Media Release - Hunter students face higher fees under new Higher Education Bill
05 September 2014
5 September 2014.
Hunter students will face higher fees and spiraling debt under changes to higher education moved by the Abbott Liberal Government this week.
Hunter Labor MPs Sharon Claydon, Jill Hall, Pat Conroy and Joel Fitzgibbon all spoke against the Higher Education and Research Reform Amendment Bill and strongly opposed the plans for fee deregulation, cuts to university funding and higher HECS-HELP interest rates.
“Newcastle is home to a world-class university, central to the economic and social capacity of our region,” Ms Claydon said.
“Excellence and equity are two sides of the one coin at the University of Newcastle as it should be, something the Abbott Liberal Government fails to understand. It’s regional universities like Newcastle that ensure higher education is based on capacity to learn not capacity to pay.”
Jill Hall added: “This legislation is an attack on universities, an attack on students, an attack on research and an attack on Australia’s future.
“With less government funding, the cost of university courses could more than double under the new legislation.
“The University of Newcastle strongly supports all students with 26.7% coming from low-socio-economic backgrounds. This is almost double the national average of 16.1%.
“The University also has the highest rate of Indigenous enrolments in the country. In addition, more than 75% of students already work full-time or part-time to support their studies.
“The new legislation means that university degrees will soon only be available to the wealthiest families in the region, while discouraging students from lower-income families.
“Many people are worried about these changes and the Labor is strongly opposing them.”
Pat Conroy said: “In the electorate of Charlton, most university graduates are teachers and nurses. About 13,000 people have a university degree, and four out of the top five fields of study are education and nursing,” Mr Conroy said.
“These are essential service workers – they are the people who make our local schools great, and play a vital role in our health and wellbeing. They are not, as the Education Minister has repeatedly claimed, going to earn “75% more over a lifetime than people without a University degree” or “$1 million more than people who don’t go to University.”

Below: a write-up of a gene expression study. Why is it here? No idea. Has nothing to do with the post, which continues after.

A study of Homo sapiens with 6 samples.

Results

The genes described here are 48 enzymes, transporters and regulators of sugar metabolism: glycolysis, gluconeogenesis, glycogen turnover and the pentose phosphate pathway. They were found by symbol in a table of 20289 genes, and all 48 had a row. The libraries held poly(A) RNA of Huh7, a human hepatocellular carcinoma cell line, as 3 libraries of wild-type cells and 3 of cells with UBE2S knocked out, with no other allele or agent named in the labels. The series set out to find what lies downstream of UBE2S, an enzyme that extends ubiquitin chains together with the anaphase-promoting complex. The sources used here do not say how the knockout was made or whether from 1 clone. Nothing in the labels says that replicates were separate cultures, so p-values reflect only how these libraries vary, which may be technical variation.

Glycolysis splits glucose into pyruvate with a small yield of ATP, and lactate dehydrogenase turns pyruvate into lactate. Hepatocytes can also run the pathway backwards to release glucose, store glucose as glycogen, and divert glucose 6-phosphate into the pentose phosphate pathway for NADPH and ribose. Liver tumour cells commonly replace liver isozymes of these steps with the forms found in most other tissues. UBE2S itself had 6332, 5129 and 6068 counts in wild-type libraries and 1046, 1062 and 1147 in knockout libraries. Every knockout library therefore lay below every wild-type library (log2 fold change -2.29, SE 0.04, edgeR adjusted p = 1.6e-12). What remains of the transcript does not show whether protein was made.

Joel Fitzgibbon said: “The government's plan for our universities will hit regional universities the hardest. Therefore, it will hurt the aspirations of rural and regional communities and all those around them the most.”
“The minister expects universities to replace the billions of dollars that he is cutting from their budgets by increasing student fees. But, unlike the sandstone universities in our capital cities, the capacity to put up fees is limited by the capacity of students to pay,” he said.
Several universities have already done their own modelling on course costs – and the figures are very alarming.
• The University of Melbourne believes medicine degrees could cost up to $203,000.
• Universities Australia also claims engineering and nursing degrees could more than double in cost – up to $113,000 for engineering students and up to $51,620 for nursing students.
The Melbourne Institute of Applied Economic and Social Research report also predicts a doubling of the time required to repay HECS debts and warns that up to 40 per cent of women might never repay their HECS debt under the Government's proposal to charge a real rate of interest on HECS-HELP loans.